Release date: June 23, 2011
Directed by: Jake Kasdan
Screenplay by: Gene Stupnitsky & Lee Eisenberg
Cast: Cameron Diaz, Jason Segel, Lucy Punch, Justin Timberlake, Phyllis Smith, John Michael Higgins, Eric Stonestreet, Molly Shannon, Thomas Lennon
Adding to the already lengthy list of less than mediocre comedies this year, Bad Teacher needs no more warning than the word “bad” being in its own title. Sporting some of the most superficial characters and a script that should make most women cringe from the use of stereotypes, Bad Teacher should not be considered a comedy, but a tragedy for comedy films everywhere.
It’s simple to see within the first few minutes of the film that Elizabeth Halsey (Diaz) is a gold-digger. All she wants is a man who will support her and use his cash. When her fiancé works out the truth and leaves her, she is forced to return to her job as a school teacher. Joining her in the school are a collection of characters: the vivacious Amy Squirrel (Punch), the timid Lynn Davies (Smith), the dolphin obsessed Principal Snur (Higgins), and the lovable gym coach Russell (Segel). Even worse about Halsey is that she could not care less about her students, her co-workers, or – quite frankly – herself.
In order to achieve her gold-digging dream life, Elizabeth Halsey plans on buying her a new pair of breasts – seeing as that is the only thing that she believes she’s missing. Soon enough, a rich and handsome substitute (Timberlake) comes into the picture and she must compete with her colleague Squirrel to win his affection. However, she must also engage in another competition with her fellow teacher to win the $5,700 bonus given to the teacher with the best academic results on the Illinois State Test.
You’d think with a cast like this, there would be a good movie, but the overwhelmingly bad writing job truly kicks most of the comedic aspect out of the film. Brought to you by the writers of Year One, you have a screenplay that delivers barely any laughs and has some of the most obnoxious characters of all time. Although they attempted to add in plenty of subplots, not a single one went anywhere. At one point, Elizabeth offers to tutor the students in an attempt to extort money from their parents, but it goes nowhere after a short scene. Even more disappointing was the continuous mention of something that happened in the past with Amy Squirrel causing her peculiar nature, but that isn’t revealed whatsoever throughout the film.
Aside from Diaz’s character being completely unlikable, she had literally no depth. She is ruthless, narcissistic, and it boggles the mind to figure out how exactly she got into education with an attitude like that. Drinking in class, smoking marijuana in the parking lot, and playing Stand and Deliver to her students on the first day – she is a prime example of a terrible teacher. This would all be fine and dandy if there were any sort of redemption for her, but she goes on like this without a single consequence for her many flaws. Cameron Diaz does her best as Elizabeth, but a good performance can only do so much when you have terrible writing – one that just happens to involve a trashy car wash replica of the famous Cool Hand Luke scene.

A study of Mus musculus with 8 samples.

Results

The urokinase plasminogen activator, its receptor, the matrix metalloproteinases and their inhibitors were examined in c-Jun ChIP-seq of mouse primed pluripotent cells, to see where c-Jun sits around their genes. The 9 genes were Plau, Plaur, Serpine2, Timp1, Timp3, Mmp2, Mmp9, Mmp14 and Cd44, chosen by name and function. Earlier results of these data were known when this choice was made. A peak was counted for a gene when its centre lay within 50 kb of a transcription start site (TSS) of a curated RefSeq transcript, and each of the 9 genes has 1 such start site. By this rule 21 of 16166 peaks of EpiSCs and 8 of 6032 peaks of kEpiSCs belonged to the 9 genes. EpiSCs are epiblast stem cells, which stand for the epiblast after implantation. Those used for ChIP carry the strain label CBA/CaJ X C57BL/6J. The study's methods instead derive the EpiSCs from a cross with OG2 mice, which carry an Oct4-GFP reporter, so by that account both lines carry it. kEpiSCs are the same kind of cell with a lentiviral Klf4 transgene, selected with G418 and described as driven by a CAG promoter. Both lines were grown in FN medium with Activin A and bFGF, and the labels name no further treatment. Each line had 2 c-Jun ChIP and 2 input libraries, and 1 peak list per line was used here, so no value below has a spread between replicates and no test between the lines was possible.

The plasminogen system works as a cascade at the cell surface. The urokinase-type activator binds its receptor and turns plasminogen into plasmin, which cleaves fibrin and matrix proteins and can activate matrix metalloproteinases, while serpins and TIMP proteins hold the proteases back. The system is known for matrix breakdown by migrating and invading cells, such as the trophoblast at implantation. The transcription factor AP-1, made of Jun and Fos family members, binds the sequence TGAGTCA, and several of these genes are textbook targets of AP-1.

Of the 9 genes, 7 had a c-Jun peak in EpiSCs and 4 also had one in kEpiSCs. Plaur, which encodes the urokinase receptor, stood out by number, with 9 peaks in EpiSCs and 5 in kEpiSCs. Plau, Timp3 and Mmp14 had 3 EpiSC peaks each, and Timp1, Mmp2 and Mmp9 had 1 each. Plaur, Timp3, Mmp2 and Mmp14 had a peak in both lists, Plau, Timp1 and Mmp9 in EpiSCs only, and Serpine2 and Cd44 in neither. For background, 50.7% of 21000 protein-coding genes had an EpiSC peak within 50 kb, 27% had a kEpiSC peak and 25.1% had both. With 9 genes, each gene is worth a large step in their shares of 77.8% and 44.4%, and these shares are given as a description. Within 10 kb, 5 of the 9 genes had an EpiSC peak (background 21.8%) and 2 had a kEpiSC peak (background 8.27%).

Segel and Punch both deserve to be rewarded for truly bringing some appeal to the movie, delivering some of the only good lines in the film and establishing relatively solid characters – even if Punch’s over the top character tires out after about an hour. Thomas Lennon also delivers plenty of laughs as he usually does, but the writing for some of his other films, such as 17 Again and I Love You, Man, have worked far better for him. Timberlake didn’t do too bad, but he’s done surprisingly better when it comes to acting, and he seems to be fine with making fun of himself. Smith would do better off staying with the decent writing that The Office gives her character instead of submitting herself to this, and although Molly Shannon and Eric Stonestreet were barely included in the film, they definitely gave my favorite performances as an overly supportive mother and a reckless roommate. Honestly, it’s a wonder how any actor in this cast could ever have thought that it would be a good idea to take on a film with a script as terrible as this one.
This is a classic case of good premise gone bad. The story of a completely inadequate, money-hungry teacher marketed as a raunchy comedy that achieved a red band trailer? Sounds pretty entertaining to me. Unfortunately enough, not even the extreme effort for a cast of good actors could actually bring what was advertised. Even with my extremely low expectations, this left me with a bad taste in my mouth. Then again, if you’re just out for a movie that’s desperate for laughs and poor attempts at vulgar humor, you might just actually enjoy the bad excuse for a comedy, Bad Teacher.